This paper seeks to present recent work demonstrating the feasibility of Microbots' mobility in rough terrain. Microbots are a new search and rescue concept based on the…
This paper seeks to present recent work demonstrating the feasibility of Microbots' mobility in rough terrain. Microbots are a new search and rescue concept based on the deployment of teams of small spherical mobile robots. In this concept, hundreds to thousands of cm‐scale, sub‐kilogram Microbots are released over a search site such as collapsed building rubble or caves. Microbots use hopping, bouncing, and rolling to infiltrate subterranean spaces in search of possible survivors.
The feasibility of the Microbot mobility concept is evaluated through laboratory prototypes and mobility simulations.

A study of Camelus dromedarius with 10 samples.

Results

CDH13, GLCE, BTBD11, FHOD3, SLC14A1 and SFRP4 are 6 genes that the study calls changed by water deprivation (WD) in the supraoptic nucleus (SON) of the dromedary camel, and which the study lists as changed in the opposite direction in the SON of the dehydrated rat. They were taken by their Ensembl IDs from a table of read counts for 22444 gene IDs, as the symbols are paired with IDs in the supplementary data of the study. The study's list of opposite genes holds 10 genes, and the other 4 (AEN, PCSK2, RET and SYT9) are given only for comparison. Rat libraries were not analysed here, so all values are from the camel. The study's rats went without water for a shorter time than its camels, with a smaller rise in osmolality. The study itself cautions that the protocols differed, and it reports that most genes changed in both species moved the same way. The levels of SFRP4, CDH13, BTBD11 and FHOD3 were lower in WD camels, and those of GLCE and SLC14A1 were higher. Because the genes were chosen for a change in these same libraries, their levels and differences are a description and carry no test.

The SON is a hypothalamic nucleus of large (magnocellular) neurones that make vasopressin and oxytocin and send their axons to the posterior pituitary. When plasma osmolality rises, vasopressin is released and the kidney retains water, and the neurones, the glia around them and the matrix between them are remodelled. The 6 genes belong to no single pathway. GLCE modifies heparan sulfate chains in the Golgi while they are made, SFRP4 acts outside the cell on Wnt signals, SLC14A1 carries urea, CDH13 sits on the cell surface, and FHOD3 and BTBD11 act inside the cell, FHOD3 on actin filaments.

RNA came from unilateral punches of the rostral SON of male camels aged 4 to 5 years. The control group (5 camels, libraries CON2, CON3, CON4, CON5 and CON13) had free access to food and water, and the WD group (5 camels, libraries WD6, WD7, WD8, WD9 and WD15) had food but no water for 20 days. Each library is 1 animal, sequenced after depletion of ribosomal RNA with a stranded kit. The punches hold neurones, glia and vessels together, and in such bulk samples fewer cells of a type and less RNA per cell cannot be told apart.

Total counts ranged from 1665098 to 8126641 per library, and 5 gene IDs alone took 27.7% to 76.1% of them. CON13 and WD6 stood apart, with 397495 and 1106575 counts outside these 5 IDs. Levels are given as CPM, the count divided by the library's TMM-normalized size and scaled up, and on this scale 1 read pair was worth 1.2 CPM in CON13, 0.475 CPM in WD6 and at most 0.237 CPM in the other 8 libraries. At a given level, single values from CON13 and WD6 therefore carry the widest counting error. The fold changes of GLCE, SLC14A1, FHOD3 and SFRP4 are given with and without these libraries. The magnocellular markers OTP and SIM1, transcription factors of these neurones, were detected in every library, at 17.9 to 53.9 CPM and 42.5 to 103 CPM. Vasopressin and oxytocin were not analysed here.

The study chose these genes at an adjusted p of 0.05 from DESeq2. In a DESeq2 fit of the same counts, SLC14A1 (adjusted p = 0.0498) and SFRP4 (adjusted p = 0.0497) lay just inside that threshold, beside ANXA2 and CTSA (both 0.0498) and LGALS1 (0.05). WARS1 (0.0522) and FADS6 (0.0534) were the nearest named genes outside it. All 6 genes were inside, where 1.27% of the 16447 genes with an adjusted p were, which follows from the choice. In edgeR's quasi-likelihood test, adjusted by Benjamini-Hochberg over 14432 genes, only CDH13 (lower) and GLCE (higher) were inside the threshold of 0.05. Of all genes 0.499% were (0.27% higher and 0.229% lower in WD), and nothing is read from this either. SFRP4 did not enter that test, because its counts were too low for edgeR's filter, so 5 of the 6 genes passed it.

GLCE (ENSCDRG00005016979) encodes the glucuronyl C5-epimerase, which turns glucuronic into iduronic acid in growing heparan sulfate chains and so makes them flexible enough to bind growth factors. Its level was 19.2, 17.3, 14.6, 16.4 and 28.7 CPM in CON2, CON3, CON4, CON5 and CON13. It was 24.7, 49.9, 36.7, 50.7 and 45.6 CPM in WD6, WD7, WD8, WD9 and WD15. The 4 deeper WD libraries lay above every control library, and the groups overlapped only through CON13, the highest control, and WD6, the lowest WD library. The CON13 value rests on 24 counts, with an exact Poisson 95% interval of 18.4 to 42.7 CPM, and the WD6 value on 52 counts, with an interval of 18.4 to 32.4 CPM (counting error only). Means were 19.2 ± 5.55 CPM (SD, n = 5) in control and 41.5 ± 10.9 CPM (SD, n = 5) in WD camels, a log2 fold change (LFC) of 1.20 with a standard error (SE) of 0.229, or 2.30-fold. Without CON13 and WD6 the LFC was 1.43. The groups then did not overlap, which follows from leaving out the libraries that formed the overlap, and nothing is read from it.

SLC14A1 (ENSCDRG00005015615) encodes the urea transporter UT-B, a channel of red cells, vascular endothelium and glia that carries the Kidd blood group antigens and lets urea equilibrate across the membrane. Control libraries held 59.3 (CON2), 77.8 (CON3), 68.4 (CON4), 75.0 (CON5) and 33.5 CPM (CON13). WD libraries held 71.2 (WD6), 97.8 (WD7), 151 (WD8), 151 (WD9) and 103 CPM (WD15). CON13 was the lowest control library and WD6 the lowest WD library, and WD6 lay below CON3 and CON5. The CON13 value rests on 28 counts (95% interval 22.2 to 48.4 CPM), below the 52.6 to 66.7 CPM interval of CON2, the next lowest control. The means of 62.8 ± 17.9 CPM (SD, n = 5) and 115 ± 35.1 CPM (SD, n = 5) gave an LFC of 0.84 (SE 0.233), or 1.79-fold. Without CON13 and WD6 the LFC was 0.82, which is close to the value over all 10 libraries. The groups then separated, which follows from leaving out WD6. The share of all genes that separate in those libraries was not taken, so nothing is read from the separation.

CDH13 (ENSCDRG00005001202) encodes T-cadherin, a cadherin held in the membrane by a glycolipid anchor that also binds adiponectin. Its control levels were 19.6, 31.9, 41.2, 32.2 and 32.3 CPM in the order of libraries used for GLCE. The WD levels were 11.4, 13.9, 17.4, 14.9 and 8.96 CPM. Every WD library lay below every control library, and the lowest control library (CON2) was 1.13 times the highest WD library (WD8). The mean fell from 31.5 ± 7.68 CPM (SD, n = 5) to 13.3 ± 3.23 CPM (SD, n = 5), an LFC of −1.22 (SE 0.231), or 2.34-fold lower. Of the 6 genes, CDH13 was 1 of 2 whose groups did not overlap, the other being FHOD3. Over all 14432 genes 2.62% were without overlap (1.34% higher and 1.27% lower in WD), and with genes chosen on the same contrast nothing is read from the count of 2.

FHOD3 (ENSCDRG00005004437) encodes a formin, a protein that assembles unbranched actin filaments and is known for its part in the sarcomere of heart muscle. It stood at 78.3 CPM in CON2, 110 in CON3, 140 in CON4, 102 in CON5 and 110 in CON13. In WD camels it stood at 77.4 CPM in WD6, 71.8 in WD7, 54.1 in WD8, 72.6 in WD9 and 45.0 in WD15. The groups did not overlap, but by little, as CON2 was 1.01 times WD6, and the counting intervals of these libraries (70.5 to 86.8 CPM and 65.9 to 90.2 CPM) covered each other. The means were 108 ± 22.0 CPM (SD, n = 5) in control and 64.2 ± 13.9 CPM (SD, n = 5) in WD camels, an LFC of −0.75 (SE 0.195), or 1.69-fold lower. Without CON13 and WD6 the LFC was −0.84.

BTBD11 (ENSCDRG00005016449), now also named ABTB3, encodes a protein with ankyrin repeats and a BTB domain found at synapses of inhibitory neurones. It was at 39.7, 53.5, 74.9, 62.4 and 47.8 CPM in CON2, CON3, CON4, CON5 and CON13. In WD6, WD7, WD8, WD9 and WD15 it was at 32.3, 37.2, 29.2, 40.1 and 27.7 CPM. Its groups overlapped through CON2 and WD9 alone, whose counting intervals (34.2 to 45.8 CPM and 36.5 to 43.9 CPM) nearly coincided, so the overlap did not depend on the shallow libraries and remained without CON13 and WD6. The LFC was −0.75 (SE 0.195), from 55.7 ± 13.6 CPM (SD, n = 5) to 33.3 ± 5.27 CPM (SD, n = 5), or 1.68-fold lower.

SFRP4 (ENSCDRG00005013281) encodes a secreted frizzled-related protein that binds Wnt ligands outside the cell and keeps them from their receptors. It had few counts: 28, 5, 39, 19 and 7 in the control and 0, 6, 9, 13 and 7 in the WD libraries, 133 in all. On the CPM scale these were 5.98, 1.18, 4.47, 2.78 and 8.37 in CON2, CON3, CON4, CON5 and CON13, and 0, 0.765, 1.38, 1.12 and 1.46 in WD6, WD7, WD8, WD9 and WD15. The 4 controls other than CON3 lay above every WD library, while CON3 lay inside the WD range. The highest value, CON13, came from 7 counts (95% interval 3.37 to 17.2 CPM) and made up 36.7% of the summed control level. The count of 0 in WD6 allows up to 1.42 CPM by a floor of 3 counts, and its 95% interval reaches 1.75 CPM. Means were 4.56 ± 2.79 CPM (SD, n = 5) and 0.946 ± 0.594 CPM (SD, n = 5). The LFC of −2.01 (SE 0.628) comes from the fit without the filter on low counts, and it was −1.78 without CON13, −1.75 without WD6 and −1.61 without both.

Experimental studies have demonstrated the feasibility of using dielectric elastomer actuators (DEAs) to generate autonomous hops. High‐efficiency hydrogen fuel cells were shown to be able to power DEAs. Simulation results show that Microbots of proper diameter and hop height can successfully traverse very rough terrains.
The implication of this research is that small hopping robots are appropriate for certain search and rescue missions. The limitation of the research to date is that issues of control, path planning, and communication have not yet been addressed.
Key technologies of the Microbot mobility, that use high‐energy‐density micro fuel cells combined with low cost and lightweight DEAs, are feasible. These technologies have the potential to make a significant impact on the search and rescue robots.
These results suggest that a team of Microbots‐based DEAs and micro fuel cells can be a useful and effective tool for search and rescue operations.